My husband and I will be traveling four hours south this Saturday to pick up our new to us 2004 2619. We've been tent campers for many years, so we're learning about towing and campers as we go.

Besides very obvious things we'll need in place, such as correct hitch, wiring, and brake controller (Prodigy, hope to have that installed tomorrow!) - what other items do you all recommend we bring with us?

List so far:

Bottle jack (plus floor jack?)
jack stands - overkill?
High psi tire gauge
Portable compressor
Infrared temperature gun for checking bearings
Basic tool kit - any ones specific to TMs we should have?
Road hazard kit with reflective triangle
Wheel chucks
Locking hitch pin - any other things we need locks for?

I have downloaded Mike & Kelly's manual- thanks!

Roll of paper towels / grease gun, two tubes of NLGI-2
(can you tell I'm paranoid? haha)

There is a Harbor Freight in our area, which I noticed everyone recommends.

We'll be running on flatlands with '07 Jeep Commander TV, so we're not concerned about cooling/tranny issues at this time.

The PO tells us the tires are 'like new', but we plan to replace at home and have bearings repacked, brakes checked etc.

We're very excited about graduating to a TM after reading so many good comments and reviews of their campers! It will be a relief to pull it safely into our driveway, though, with us being such newbies. The forum is soooo helpful.

Jim & Sheri

Dick & Jeri in Western MA
2003 2720 SL
Please pay the $12 to join this forum! Worth 100 times the amount. There is a wealth of information here going back many many years. And everyone is willing to help.
And start reading! And use the search engine. The questions you have, others have already asked and most likely you will find the answer already posted here somewhere.
If you don't, then just ask and if it has been answer, they will give you the correct posting. If it hasn't been asked, you will get many answers from the veterans here.
Welcome welcome!!


Congrats, and welcome to the Family!
2009.5 2720SL

2020 2720QS (aka 2720SL)

The tires on most folks' TM's are "like new", even the ones that blow out -- that's because trailer tires typically get very little wear. But it's the age that counts. If it were me, and the tires were more than ~3-4 years old (via the date code on the tire), my first stop would be to a tire dealer near the seller to get them replaced. I would not wait till I got home -- since you're going to do it anyway, why not have the benefit of brand new tires on your first trip instead of risking a damaging blowout before you even get home? You could even call the tire shop between now and then to pre-order the tires to make sure they were there upon your arrival, and set an appt for Saturday. It could also be the time to upgrade to 15" wheels if it doesn't have them already. Three new wheels & tires are ~$500.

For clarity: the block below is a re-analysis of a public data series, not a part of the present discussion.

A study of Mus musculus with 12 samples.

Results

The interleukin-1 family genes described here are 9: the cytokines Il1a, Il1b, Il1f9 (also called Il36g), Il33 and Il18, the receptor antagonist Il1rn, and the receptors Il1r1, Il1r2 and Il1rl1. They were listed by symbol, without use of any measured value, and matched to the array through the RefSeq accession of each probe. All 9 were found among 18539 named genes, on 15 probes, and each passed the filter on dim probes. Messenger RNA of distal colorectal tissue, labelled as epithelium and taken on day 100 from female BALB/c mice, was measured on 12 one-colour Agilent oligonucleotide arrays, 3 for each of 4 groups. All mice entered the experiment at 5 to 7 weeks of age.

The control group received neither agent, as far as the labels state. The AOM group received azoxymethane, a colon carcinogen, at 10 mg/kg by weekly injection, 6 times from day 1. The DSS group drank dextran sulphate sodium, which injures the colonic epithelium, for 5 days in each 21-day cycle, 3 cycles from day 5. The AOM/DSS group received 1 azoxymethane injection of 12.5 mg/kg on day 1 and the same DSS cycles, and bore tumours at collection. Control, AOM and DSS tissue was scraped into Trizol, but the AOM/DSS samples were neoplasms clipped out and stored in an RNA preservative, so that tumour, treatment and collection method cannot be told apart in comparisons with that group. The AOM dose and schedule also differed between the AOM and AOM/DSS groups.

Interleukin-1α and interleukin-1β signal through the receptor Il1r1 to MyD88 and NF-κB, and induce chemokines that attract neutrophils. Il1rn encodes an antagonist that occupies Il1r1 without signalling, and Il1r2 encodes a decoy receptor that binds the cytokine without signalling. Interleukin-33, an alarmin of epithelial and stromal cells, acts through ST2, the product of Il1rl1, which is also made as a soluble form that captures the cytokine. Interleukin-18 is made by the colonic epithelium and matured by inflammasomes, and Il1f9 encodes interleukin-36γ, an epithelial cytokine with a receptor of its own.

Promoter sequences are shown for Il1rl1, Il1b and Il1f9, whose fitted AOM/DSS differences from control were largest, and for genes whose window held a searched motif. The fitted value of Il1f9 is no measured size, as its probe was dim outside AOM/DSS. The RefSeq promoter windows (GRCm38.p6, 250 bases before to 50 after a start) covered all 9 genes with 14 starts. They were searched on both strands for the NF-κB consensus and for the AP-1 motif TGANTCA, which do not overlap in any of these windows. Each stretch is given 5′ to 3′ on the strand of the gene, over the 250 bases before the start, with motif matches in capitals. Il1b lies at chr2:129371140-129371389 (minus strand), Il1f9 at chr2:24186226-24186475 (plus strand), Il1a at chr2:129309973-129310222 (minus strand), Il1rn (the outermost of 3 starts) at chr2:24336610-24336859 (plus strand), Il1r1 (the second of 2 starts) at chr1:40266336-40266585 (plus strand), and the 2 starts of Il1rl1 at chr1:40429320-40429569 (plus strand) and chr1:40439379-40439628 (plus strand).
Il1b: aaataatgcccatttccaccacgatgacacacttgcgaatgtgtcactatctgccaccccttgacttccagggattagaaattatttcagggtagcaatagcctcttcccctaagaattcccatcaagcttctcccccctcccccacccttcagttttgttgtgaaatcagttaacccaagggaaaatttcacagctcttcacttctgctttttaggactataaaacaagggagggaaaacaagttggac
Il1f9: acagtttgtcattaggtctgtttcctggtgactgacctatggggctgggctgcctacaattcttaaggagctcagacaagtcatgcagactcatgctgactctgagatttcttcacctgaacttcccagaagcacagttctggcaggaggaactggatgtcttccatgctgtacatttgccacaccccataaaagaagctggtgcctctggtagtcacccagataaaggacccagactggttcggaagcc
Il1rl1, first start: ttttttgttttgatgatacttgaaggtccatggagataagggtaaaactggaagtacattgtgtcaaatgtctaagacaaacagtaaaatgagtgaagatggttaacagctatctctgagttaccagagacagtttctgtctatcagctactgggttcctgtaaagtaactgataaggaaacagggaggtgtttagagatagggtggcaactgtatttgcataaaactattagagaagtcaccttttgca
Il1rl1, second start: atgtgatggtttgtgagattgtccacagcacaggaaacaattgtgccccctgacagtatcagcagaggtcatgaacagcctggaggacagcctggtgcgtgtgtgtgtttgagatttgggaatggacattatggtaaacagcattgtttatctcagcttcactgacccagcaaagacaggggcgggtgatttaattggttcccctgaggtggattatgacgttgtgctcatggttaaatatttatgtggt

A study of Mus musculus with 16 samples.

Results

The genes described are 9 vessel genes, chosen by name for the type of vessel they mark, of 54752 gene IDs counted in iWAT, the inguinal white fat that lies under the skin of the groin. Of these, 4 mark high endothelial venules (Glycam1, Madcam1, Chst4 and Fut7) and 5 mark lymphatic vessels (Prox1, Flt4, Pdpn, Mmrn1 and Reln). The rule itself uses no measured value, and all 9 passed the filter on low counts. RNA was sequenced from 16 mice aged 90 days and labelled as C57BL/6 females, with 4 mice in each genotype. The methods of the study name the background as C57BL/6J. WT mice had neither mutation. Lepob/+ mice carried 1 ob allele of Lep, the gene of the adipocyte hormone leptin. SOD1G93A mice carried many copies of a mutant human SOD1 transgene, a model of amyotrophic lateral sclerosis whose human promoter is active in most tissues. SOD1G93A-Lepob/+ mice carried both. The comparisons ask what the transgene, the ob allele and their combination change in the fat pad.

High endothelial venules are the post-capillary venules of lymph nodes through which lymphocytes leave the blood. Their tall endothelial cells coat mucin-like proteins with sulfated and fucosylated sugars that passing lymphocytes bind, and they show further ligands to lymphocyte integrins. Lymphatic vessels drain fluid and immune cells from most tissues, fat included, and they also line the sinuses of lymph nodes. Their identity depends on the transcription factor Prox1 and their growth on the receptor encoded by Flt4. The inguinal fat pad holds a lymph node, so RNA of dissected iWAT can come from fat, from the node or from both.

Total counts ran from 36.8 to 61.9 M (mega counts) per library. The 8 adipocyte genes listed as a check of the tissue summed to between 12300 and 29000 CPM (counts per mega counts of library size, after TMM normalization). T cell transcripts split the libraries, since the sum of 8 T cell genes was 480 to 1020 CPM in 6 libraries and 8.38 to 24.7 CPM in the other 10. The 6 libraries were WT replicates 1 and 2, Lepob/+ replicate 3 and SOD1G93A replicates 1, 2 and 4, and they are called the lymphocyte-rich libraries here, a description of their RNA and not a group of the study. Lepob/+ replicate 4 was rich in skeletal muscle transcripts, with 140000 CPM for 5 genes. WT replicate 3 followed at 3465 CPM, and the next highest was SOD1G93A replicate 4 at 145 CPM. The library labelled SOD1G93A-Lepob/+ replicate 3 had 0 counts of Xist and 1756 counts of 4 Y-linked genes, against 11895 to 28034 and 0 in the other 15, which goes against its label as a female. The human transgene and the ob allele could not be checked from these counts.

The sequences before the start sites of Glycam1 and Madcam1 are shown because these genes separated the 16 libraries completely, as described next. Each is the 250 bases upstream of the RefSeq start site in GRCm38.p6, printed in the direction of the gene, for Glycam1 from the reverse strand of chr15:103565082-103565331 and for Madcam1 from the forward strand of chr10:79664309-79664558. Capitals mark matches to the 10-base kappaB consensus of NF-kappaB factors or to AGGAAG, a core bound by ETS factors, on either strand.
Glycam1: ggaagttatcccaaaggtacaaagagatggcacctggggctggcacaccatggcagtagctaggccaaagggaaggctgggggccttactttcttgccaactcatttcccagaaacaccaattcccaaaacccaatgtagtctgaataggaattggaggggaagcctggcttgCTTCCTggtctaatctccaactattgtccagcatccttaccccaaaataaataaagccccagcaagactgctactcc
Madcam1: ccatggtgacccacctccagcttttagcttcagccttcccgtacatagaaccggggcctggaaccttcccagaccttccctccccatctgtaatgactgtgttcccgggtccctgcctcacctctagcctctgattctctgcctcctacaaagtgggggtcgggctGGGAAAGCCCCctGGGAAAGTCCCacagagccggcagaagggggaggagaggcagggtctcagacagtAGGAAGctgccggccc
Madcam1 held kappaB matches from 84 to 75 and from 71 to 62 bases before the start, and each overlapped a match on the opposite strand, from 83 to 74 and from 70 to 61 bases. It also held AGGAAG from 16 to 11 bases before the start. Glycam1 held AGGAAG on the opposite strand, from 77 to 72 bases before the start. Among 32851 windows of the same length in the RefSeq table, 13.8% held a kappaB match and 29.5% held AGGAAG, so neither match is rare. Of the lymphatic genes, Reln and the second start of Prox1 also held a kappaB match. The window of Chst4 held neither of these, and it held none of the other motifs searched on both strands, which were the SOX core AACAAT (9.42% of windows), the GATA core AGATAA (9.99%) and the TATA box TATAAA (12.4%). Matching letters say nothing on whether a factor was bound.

If the hubs were anything but slightly warm by the time I got to the tire shop, I would also have them repack (or even replace) the bearings and adjust the brakes at the same time -- it would probably cost about $100. Again, since you're going to do it anyway.....

Especially since you're new to towing, you really really want to avoid a blowout.

I think the jack stands are overkill.


A multi-bit screwdriver will usually include these bits. The Robertson/Scrulox screws are used all over the TrailManor. Most importantly, you will need the square bit to remove the fender skirts for tire/brake/wheel service.
Mike Laupp


I agree that the best $12 you can spend is to join this forum. We read it nearly every day at first and still log in a couple of times a week to see what is happening. There are so many avid TMers and they have so much knowledge to offer that I can't imagine owning a TM without being on this forum!

Check the date on your tires. We did not know to do this and on our first camping trip in August 2010, we had our first blow out on the side of busy I-40 between Knoxville and Nashville. We spent 2-3 hours waiting on someone to come and change our tire. That could probably have been avoided if we had checked. You can find more information on that by trying the search option.

Good luck and best wishes for many years of happy camping!
Jere & Paula
Knoxville, TN
2012 TM3023
2000 Jeep Grand Cherokee I6/w/tow package
Prodigy 2 brake controller
Eaz-Lift 1000 lb WDH
After market heavy duty cooling fan
After Market heavy duty transmission cooler
McKesh Mirrors

We spent 2-3 hours waiting on someone to come and change our tire.
My brother-in-law was surprised to see me swap the spare for the blow out in less than 30 minutes. I could have gone even faster if it were not for my one bad knee.

Whoever, if I was on a busy road and it was the street size and I was unable or unwilling to tow it with the flat a short distance to a safe area then I would wait until help arrived.

I like the folding star/spinner lug wrench. It folds up so it is a bit smaller for storage.

I have a head lamp and flashlights easily accessible in case I get a flat after dark.